Two-year-old Princess Charlotte (who celebrates her third birthday on 2 May) has made history today. For the first time in the British Royal Family, a younger brother will not jump ahead of an older sister in the line of succession to the British throne. Charlotte will remain fourth-in-line ahead of her newborn baby brother who was born this morning in the Lindo Wing of St Mary’s Hospital in London.
Charlotte, the only daughter of the Duke and Duchess of Cambridge, is fourth behind her grandfather, The Prince of Wales; her father, The Duke of Cambridge; and her older brother, Prince George, who will turn five in July.
The change in the line of succession was first discussed after the Duke and Duchess of Cambridge’s wedding in 2011. The leaders of the Commonwealth realms met that year in Perth, Australia, where they came to an agreement to change the law from male-preference primogeniture (where men take precedence over women) to absolute primogeniture (allowing women to have equal rights to the throne). Her Majesty The Queen was in full support of the alteration to the succession laws.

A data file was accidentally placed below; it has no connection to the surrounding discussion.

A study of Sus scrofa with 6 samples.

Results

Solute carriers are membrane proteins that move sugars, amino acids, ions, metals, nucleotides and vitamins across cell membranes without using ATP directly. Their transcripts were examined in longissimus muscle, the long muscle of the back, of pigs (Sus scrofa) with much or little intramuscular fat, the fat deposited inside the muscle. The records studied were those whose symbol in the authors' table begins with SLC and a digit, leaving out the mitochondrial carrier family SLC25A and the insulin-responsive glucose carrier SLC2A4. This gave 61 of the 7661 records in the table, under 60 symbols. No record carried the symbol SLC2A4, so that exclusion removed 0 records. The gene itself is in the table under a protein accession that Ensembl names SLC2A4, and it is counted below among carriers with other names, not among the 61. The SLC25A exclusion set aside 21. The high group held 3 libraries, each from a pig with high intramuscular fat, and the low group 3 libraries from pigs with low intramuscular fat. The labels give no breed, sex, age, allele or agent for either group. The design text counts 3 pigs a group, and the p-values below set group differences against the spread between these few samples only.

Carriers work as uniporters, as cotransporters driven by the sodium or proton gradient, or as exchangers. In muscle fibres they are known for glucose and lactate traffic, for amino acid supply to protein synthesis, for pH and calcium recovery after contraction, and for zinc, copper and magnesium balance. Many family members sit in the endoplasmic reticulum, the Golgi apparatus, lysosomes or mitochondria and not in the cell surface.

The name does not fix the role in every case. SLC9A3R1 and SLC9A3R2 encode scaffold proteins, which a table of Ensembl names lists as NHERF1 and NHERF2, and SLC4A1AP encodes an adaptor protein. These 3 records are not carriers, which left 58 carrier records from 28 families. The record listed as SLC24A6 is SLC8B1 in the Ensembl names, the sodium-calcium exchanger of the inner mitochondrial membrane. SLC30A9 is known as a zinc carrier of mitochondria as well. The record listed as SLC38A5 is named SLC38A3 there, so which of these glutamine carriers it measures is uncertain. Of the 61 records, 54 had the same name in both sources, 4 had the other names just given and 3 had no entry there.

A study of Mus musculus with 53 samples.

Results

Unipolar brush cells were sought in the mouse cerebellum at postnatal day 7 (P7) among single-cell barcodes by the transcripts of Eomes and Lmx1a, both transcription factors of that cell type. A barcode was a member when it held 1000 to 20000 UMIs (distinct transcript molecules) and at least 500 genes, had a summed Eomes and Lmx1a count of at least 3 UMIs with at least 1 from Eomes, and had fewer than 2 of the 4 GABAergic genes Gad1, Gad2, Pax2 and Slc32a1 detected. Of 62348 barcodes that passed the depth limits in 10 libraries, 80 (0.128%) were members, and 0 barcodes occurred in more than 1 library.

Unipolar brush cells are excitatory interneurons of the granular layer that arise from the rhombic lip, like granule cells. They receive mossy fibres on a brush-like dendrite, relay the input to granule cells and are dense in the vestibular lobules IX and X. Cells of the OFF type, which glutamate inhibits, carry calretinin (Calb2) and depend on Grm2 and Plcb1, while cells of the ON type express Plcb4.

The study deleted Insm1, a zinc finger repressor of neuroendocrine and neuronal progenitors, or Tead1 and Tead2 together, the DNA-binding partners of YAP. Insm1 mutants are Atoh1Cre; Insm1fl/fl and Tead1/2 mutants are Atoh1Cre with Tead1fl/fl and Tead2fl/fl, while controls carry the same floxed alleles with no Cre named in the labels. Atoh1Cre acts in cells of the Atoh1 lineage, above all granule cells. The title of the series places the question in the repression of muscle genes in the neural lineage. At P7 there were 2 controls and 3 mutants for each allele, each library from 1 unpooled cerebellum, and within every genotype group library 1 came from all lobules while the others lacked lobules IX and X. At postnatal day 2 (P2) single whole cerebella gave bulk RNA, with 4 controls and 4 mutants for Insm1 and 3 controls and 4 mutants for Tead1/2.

All realm 16 governments had made agreements by December 2012 to implement the reform. This came just after the Duchess of Cambridge’s first pregnancy was announced. On 26 March 2015, it was announced that the change had come into effect; however, it was backdated to 28 October 2011 meaning any children born from that date on fell under absolute primogeniture. The line of succession did not change for those born before that date.